A tribute to Aiyushman Dutta
It is almost six months since intrepid journalist and budding entrepreneur Aiyushman Dutta passed away on April 26
It is almost six months since intrepid journalist and budding entrepreneur Aiyushman Dutta passed away on April 26 , leaving his shell-shocked family to cope with the treachery of a promising young life lost in his prime.
It is only memories of a short eventful life that must sustain them and all his loved ones now. I remember that frail impish child who was babied longer than his brothers. He had a naughty glint in eyes and easily got into scrapes. But, he was everyone's favourite child. In the neighbourhood, my sister Ruma was known as Aiyush's mother. He would invite anyone over at the drop of a hat and his mother had to play hostess. He was always game for any adventure. In daredevilry, he took after father Dilip. At a local fare, I remember him whooping with joy as he careened down on the ferris wheel with his father while other children were screaming in fear.
Even as a child, he knew that he wanted to be a journalist; jor-naa-list was the way he pronounced it. He began writing at an early age and his writings got published too. We were amused at his penchant for using difficult words.
The exuberance of childhood gave way to the angst ridden teenage years when we saw little of Aiyush and communication stretched thin. But, his writings throughout gave us an inkling of his sojourn among the various tribes and communities of the northeast region with whom he had built a very good rapport. He wrote extensively of their music, cuisine and life styles.
His wide and in depth study of the folk cultures of the colourful mosaic that is the Northeast has acquainted us with the instruments used by the local artists of the region to create unique music. His intimate knowledge of the diverse cuisines of the various tribes and sub tribes that people our land has been shared with us in an attractive coffee table book that has been widely appreciated in the tourist circuit of the region.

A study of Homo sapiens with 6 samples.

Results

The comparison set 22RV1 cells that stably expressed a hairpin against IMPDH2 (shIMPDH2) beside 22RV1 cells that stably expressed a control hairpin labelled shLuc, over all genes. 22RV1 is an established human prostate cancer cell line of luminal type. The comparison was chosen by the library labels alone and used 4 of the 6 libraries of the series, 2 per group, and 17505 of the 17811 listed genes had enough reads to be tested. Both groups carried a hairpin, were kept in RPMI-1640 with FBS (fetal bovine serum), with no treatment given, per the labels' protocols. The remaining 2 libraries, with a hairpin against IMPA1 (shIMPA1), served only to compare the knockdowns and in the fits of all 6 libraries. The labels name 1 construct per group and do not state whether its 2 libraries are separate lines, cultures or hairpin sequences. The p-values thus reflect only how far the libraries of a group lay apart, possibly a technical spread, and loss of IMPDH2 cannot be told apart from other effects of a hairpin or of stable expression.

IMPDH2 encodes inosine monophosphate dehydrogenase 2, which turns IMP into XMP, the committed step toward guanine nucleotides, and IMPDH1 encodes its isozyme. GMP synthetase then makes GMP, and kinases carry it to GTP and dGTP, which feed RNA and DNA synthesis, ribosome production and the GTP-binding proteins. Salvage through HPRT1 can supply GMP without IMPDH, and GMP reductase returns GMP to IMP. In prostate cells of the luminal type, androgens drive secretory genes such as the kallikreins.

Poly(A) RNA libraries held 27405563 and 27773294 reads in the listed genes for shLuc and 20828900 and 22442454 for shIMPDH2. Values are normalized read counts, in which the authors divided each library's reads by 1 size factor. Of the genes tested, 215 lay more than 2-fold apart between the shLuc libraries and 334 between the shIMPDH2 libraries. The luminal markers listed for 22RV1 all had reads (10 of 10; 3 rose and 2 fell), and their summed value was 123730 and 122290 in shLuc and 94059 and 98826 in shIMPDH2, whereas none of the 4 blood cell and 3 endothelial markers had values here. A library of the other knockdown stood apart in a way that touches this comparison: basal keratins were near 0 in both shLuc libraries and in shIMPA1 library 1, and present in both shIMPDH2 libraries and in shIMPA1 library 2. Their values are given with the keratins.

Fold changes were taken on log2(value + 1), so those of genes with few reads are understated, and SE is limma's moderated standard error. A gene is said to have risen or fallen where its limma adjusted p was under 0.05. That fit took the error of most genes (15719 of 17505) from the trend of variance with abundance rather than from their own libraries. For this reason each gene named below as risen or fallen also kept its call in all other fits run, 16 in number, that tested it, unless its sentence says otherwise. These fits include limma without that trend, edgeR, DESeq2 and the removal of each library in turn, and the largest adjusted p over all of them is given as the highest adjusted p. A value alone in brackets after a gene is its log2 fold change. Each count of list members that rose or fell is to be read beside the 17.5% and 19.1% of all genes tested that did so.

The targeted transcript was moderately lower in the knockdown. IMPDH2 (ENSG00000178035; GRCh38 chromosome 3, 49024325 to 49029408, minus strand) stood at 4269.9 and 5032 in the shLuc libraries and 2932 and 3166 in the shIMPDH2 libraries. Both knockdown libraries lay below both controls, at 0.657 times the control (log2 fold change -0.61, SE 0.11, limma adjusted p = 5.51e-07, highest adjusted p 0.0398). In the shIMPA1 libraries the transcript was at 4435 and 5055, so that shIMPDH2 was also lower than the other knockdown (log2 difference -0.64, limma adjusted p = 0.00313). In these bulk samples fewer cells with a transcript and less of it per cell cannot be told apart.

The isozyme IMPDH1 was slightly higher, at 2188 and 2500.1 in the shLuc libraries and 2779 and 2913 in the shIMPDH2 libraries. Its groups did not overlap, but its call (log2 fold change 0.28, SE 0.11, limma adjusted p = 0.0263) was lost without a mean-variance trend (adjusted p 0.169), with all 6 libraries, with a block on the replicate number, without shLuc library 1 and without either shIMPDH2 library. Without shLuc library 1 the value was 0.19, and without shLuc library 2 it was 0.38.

Soon we saw a more mellow Aiyush, who picked up from where he left off and bonded seamlessly with his cousins and extended family. We were enthused to see him at family get-togethers and weddings. He also took his responsibilities seriously and gave of his time when his parents needed him. During the lockdown he ensured that the refrigerator was well stocked. He got along famously with his little nephew Arya who was quick with his repartees.
Aiyush was out and out a people's person and got along with everyone. His friends and acquaintances ranged from those in the higher echelons of society to those less fortunate. He was soft spoken but had a fiery temper only those closest to him knew about.
He had been associated with the newspaper 'The Sentinel' for a long time. When he took over as Feature Editor in charge of their weekly news magazine 'Melange', he took it to a different plane altogether. Writers like Rituparna Goswami Pandey and Sanjib Sabhapandit regularly wrote for it. Anurag Rudra and Swapnajyoti Bordoloi contributed to the poetry section. The last issues of Melange carried Sourav Kumar Chaliha's short story in translation.
Aiyushman's coverage of the Hornbill Festival of Nagaland was outstanding. What also stands out in my memory is the way he covered the splendour and solemnity of the royal wedding of Bhutan. The Eastern Beats Music Society, his brainchild will hopefully be kept going by the other members as his legacy.
It is hard to believe that a youngster in the pink of health, jauntily marched off to fight COVID-19 and lost to an unfair enemy. May be God loved him and took him away. But we loved him no less and needed him more. Lets treasure our memories of him and salute a life short in years but well lived and how.